Early last November we received enough snow to make it tough getting to deer camp. Despite what the calender said, it was the start of winter. Now, nearly six months later there is still knee-deep snow in the woods around my house. I generally enjoy winter and it's activities but c'mon, enough is enough. Cabin fever sets in after a while and by now it develops into a full blown case of the shack nasties. It's snowing again today, but much of the country is getting hit worse so maybe we are lucky. I have friends that pack it up for warmer climes to spend their winters. I recently talked to a few who returned from months laying around in sunny Costa Rica. They regret their early return but nobody believed winter would hang on this long. The rest of us just stayed here and toughed it out cutting firewood, reading, and listening to blues music.
I just finished re-reading Burton Spiller's Fishin' Around and I again admire the lengths folks went to satisfy the angling urge. Born in 1886, Burt lived in New Hampshire and when he wasn't busy raising prized gladiolus flowers and hunting grouse, he made excursions into Quebec and Nova Scotia fishing for brook trout, lake trout, and land-locked salmon. When he went fishing it wasn't the often “See ya later, Honey. I'll be back Sunday night.”
He tells of traveling rough roads taking seven hours to cover 50 miles getting to a rustic lakeside camp to meet his Montagnais guides, then loading gear into big canoes and paddling miles into the bush searching for sport. Nowadays those trips are made in floatplanes, flying out for the angling and back for dinner and soft mattress at the lodge each evening. But back then they thought nothing of carrying hundred pound sacks of flour, pails of lard, canned goods, slabs of bacon, coffee and tea over day-long portages and enjoying a smoke of black tobacco as a reward. Some dried moose meat was often tucked in but fish were a main staple. Their camps consisted of an oiled canvas tent, two Hudson Bay blankets per person, and beds made of spruce boughs. For them, a week in the bush was just getting started.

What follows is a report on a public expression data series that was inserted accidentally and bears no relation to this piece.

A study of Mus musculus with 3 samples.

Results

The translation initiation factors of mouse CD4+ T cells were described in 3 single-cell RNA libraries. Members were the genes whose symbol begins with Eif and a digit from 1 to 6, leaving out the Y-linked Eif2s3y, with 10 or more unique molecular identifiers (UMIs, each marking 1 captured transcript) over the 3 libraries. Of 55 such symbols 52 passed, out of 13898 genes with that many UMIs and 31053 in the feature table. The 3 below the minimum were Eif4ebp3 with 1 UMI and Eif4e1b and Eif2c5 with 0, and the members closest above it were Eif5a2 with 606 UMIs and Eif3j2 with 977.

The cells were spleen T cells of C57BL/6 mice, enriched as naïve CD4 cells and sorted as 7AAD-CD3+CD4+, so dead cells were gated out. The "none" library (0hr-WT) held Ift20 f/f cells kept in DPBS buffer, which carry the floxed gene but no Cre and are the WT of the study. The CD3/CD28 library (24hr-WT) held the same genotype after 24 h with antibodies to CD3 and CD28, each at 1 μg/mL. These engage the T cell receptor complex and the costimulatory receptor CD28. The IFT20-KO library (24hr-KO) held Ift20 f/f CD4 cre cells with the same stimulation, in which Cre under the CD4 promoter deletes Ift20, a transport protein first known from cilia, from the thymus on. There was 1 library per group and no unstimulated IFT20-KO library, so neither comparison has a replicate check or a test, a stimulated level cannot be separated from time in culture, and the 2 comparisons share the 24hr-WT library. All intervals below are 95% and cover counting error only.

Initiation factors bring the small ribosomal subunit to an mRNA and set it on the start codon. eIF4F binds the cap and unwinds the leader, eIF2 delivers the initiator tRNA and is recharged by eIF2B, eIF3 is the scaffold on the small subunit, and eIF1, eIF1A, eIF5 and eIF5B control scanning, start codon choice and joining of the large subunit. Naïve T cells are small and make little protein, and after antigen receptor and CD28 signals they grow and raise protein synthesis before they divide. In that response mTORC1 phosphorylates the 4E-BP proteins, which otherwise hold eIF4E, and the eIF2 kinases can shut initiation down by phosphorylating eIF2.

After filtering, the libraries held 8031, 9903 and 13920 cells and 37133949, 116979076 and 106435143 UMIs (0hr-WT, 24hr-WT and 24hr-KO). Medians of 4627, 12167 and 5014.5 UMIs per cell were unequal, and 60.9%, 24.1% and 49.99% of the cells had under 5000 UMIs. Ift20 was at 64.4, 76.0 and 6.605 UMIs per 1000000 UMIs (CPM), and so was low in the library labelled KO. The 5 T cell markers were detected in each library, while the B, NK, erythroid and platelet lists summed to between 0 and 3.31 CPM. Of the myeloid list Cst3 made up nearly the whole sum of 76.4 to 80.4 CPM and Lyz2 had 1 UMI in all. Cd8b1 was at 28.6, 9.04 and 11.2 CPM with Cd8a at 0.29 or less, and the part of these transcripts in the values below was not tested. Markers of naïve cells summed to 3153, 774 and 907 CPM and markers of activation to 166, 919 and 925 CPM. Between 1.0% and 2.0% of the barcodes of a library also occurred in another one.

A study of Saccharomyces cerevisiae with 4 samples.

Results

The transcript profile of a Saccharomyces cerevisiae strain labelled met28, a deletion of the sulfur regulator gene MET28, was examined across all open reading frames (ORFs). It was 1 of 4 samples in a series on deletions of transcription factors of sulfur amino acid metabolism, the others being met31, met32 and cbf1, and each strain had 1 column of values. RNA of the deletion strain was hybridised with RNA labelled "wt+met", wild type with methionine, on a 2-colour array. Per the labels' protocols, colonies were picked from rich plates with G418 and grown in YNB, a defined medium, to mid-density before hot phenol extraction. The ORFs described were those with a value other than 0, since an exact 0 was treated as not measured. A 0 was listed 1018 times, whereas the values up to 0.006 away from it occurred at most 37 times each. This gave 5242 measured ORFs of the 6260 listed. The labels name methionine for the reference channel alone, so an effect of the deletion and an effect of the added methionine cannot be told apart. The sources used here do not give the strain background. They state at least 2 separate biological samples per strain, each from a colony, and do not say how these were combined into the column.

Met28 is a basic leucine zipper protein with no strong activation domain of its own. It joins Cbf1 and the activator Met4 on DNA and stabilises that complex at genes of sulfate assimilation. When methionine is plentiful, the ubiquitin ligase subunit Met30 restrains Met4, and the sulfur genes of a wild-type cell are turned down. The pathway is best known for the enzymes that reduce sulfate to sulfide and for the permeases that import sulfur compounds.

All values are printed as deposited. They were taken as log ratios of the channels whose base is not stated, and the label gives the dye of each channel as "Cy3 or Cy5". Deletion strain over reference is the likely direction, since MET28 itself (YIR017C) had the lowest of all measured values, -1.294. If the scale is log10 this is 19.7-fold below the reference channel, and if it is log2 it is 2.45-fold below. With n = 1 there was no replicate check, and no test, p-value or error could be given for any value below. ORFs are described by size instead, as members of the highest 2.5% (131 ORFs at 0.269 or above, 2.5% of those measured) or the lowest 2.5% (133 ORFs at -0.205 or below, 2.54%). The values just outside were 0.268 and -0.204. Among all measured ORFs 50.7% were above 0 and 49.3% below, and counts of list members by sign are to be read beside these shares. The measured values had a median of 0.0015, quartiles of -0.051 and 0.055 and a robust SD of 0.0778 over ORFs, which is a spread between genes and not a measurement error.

Burt didn't write about how to catch fish. Or about rated rods and lines. He mentions his rod only as a four ounce bamboo, and his line was greased silk. He did have a fly he liked but doesn't say much about it. His tales are about the life: the hazards and skills of poling a canoe up through rapids, the earned ache of muscles after a mile portage on a faint trail, the futile effort to keep pace with the canoe-laden guide, the long battle against a big salmon only to lose it at the net, the sizzle of trout in a cast iron skillet. He writes about the wildlife, the people, and the country along the way. The pencil illustrations by Milton Weiler are first rate.
I don't know much about literature but I know I like this, and while reading I couldn't help the desire to get out there. I can't match Burton's trips, or ever come close, but I did plan a date in the Boundary Waters Wilderness for June.